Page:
Bootlegger Tiki

bootleggersignContinuing my tiki tour through incomparable Palm Springs we stopped in next at Bootlegger Tiki. Bootlegger calls itself a speakeasy Tiki bar, presumably because it stands at the back half of it’s building which also operates a coffee and wine bar during the day. Unlike say, Three Dots and Dash or Pacific Seas however, it doesn’t really take any special detours or know how to get to. In fact, seeing as the side entrance to bootleggers still showcases the oversized tiki torches once belonging to the sites predecessor: Don the Beachcomber, as well as a couple of large carved Tikis flanking the doorway, it’s hardly inconspicuous.

Bootleggers2We arrived later in the evening on a Monday with some friends. Inside it’s a fairly small, and dimly lit spot.  As your eyes adjust to the ambient lighting you begin to make out a lot of bamboo and grass on the walls along with some cheeky, if wonderful velvet paintings. There’s really only a few booths and a row of seats at the bar. Fortunately, due to our timing we had no problem getting into a booth and began perusing the menus. Bootlegger Tiki has a really good selection of original drinks to chose from, as well as some classics. This interview from Tiki With Ray of co-owner and mix master Chad Austin gives you a good idea of why I was more interested in the original drinks.



The Mammoth Tusk

I started off with one called the mammoth tusk which absolutely knocked my socks off. I had set a goal for my tiki tour of choosing just one or two drinks from each location to spare both my wallet and my health, but it was clear pretty early on that bootlegger Tiki was going to challenge me on that. The group I was with each ordered a different selection and were all eager to share a taste. There honestly wasn’t a single one that I would’ve turned away. All in all I think I had three different drinks of my own over the course of the evening so you won’t be surprised when I say my notes got a little hazy at some point. Don’t expect any fancy eats at Bootlegger, but they do offer an intriguing selection of snack foods to help soak up the booze. We shared an order of beef jerkey and sriracha popcorn between us which actually complimented the drinks nicely.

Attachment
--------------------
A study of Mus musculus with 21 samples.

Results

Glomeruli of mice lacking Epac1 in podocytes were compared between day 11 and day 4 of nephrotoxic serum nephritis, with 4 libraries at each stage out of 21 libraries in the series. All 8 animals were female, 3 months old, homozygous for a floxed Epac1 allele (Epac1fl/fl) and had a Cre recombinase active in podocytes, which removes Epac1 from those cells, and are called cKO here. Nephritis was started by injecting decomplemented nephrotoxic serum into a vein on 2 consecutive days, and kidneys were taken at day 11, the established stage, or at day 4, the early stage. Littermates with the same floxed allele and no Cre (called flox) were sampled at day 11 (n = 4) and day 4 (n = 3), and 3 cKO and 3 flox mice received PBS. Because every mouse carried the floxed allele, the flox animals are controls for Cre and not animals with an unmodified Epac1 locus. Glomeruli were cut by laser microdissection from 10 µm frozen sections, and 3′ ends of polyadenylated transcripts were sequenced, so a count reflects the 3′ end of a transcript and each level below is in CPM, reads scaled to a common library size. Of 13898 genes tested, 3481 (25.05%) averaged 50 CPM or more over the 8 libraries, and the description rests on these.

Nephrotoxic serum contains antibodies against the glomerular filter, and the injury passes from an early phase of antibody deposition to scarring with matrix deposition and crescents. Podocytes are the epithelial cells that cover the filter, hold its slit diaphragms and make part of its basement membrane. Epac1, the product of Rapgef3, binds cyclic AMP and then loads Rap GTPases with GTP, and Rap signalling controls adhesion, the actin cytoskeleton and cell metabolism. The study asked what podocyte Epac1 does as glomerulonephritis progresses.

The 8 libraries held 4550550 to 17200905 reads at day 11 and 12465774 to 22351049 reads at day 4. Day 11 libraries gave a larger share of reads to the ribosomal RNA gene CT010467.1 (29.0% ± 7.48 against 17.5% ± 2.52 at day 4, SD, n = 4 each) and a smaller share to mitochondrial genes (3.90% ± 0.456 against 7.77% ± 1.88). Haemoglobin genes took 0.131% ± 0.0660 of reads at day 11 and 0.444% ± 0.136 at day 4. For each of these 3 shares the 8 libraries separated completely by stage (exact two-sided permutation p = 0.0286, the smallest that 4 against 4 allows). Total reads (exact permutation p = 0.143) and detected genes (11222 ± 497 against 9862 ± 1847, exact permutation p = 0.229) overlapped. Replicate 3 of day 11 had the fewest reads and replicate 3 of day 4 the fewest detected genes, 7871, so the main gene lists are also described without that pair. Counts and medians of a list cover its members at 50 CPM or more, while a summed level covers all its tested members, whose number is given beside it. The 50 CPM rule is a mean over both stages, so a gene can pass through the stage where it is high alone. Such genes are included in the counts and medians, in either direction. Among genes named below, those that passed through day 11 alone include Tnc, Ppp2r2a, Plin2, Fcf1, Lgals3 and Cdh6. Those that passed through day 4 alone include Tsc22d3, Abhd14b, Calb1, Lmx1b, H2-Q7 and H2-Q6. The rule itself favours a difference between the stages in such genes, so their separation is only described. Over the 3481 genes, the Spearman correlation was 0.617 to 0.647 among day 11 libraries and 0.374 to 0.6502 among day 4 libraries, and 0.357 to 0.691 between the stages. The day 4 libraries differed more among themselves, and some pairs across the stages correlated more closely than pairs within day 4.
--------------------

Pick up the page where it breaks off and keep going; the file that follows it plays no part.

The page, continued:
Of course, there were flames!

A good time was surely had by all, and so far, I would definitely have to rank Bootlegger Tiki as among some of the best tiki drinks I’ve had.

The last thing I want to mention before wrapping up this post is another little fun aspect of Palm Springs I was fortunate to witness. In the same way that much of the Mid Century Modern architectural design has been preserved, the taste for the exotic that gave rise to tiki and Polynesian themes in the 40’s – 50’s, is fully encompassed in the Palm Springs aesthetic.

The Bahia, and Kauai, shown here, were a couple of themed apartment buildings I happened upon that presumably don’t hold the same sense of wonder for local residents but I can’t help but lament the decline of these inspirational, whimsical locations. Hopefully we can count on Palm Springs to keep these hidden gems safe for us and future generations to enjoy. Coincidentally, that leads to me to next Palm Springs tiki tour stop: The Reef, Palm Springs. Located in the historic Caliente Tropics Hotel. So check back next time for more on that!